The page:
Saturday, February 04, 2012

Do "gay parents" pose the biggest social conundrum? GOP in VA thinks so.

The GOP in the Virginia legislature is thrashing around and making itself seen on the social issues, including drafting a bill that faith-based agencies can turn away gays trying to adopt (or give foster care to) children. (Presumably these agencies still get state or federal funds.)  The GOP also wants women to have an ultrasound before abortion. The Dems came back on that one and proposed (without success) that men have heart stress tests and digital exams  (both perceived as invasive and maybe humiliating) before getting prescriptions for medications to handle erectile dysfunction.  Here’s the link from the Washington Post Feb. 5 by Laura Vozzella and Anita Kumar. 

There’s a bit of a logical tangle here.  My experience has been that I have, as a gay male, been viewed as “cheating the system” by not taking on having a family and having more discretionary income and being able to lowball the system.   As an only child, I did not pick up as much as others did in the 1950s that parents expect their kids not only to continue the family (the vicarious immortality implicit in procreation), but also to be prepared to step in and help raise other people’s children (such as siblings’, after family tragedies – the subject of several movies like “Raising Helen”), and to grow up as social beings.  Parents believed that they had both the power and responsibility to impart this to their kids.  That sort of thing is coming back, after a couple decades of more hyperindividualism, because of “demographic winter” – people living longer with fewer kids – and I got a dose of this with my recent experience in eldercare.  In part, I felt very much like a second-class citizen.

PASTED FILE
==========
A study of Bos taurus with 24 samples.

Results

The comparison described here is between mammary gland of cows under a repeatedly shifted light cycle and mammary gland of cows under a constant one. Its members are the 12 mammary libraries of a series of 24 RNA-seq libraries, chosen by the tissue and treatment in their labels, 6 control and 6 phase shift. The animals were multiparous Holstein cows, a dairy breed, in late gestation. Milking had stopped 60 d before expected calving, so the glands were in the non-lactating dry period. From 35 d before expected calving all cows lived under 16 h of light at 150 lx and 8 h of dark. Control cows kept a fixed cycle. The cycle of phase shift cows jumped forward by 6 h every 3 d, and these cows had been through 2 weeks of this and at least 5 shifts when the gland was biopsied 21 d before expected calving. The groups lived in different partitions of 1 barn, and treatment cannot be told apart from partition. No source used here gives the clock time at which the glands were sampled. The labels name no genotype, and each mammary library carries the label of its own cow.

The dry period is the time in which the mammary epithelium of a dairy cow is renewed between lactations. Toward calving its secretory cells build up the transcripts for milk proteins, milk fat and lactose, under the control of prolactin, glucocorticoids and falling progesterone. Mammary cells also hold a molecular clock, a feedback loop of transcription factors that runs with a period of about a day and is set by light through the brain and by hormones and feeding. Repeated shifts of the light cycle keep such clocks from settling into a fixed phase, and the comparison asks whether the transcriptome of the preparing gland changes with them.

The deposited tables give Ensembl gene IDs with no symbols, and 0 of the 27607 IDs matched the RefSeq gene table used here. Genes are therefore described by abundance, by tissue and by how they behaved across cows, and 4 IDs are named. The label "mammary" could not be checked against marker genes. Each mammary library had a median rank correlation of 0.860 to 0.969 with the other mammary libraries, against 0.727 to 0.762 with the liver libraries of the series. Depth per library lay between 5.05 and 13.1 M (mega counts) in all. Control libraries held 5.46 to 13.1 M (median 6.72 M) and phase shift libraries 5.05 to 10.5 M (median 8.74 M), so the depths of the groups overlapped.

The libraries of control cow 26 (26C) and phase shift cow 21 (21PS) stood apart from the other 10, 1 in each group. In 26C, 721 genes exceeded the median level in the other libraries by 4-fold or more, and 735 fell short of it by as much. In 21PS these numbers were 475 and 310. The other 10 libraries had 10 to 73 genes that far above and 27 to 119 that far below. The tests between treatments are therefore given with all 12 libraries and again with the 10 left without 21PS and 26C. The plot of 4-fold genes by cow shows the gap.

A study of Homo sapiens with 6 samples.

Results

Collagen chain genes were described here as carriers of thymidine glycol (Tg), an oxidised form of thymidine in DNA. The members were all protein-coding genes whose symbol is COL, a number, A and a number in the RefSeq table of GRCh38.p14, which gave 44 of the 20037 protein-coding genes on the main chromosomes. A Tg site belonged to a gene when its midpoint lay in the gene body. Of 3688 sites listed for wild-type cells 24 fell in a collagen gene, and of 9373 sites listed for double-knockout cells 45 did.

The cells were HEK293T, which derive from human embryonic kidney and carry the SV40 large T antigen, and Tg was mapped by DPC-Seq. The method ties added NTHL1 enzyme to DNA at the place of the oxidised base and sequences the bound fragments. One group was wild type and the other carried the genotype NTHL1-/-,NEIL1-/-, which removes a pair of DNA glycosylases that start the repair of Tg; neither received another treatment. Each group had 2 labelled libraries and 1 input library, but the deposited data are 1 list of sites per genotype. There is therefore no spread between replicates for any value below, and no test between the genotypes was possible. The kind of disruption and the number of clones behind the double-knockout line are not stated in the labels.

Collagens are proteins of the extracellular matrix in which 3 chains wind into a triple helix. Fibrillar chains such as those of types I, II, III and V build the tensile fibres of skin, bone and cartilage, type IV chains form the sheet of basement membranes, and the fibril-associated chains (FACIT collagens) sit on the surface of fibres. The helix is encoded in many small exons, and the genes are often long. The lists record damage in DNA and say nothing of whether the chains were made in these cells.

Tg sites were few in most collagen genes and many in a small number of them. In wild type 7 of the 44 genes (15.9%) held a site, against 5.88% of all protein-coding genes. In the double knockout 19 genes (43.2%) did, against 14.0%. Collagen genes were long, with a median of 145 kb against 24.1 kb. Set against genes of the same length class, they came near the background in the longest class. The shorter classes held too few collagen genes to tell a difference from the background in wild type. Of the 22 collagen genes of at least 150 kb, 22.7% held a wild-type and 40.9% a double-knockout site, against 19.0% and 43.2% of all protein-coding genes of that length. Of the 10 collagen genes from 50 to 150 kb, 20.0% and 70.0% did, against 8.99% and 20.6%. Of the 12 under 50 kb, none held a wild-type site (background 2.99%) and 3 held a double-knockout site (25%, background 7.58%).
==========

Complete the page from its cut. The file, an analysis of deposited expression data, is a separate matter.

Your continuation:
There are a couple of solutions, and they invoke some logical contradictions.  One is to embrace – and expect – not only gay marriage but for gays to step in and become involved as parents of the many “Wednesday’s children”.   And then the Right comes back, on the “sanctity of marriage” thing (“a man and a woman” and the “birthright of a child to two married parents of opposite gender”, even on “what was meant to be” by Nature, or God, etc.).  If seems as if same-sex couples are in the game as 100% equals, then the whole institutionalized setting for heterosexual marriage is lessened – the whole courtship game and male double standard – to the point that heterosexual couples – at least those less “fortunate” (or more financially capable) no longer believe that they can stay interested for lifetime in their own relationships without the external props.  Doesn’t the idea of a pre-nup undermine the idea of “till death do us part” and “in sickness and in health” (and “for richer or poorer”)?  So, by logical exclusion, we’re left with the idea of gays as second-class citizens by definition.

Yet, for about three decades of my own adult life, “second class status” meant very little in practice.  I was the one with the disposable income, often consorting with Log Cabin Republicans, then with libertarianism.  I rather liked Ron Paul’s comment that marriage is just a private contract (the “license expired” thing).  If heterosexual couples fall apart with age due to lack of pampers, so be it.

It was only when coercion was applied, both in the eldercare area and, oddly, with phone calls for “social jobs” that I didn’t want – attracted by people who wanted to conscript me away from “freedom” and “self-expression” – that the equality thing hit home.  (Partisan hucksterism supports real “families” and “takes care” of people, after all.)  Of course, the “don’t ask don’t tell” debacle had highlighted the problem since Bill Clinton’s days – if gays aren’t “morally suitable” to share in the sacrifices it takes to defend freedom, they were free pickings later on.  It’s interesting how DADT really wasn’t about “privacy” in the end, and how “unit cohesion” as a concept could apply to the society at large.

It's true, you can construct the "social contract" around the "common good" notion that everyone has intergenerational reponsibility at a personal level, but then the tie between sexual intercourse and responsibility for the children that come from that act is weakened, and men may feel entitled, if they're going to be held responsible (for the choices that others make) anyway.  It goes back to the kind of thinking (and double standards) the days we had a male-only military draft. 

“Complementarity” and “equality” are “complementary” but not “equivalent” concepts.  (And it’s “e”, not “i”, in that word.)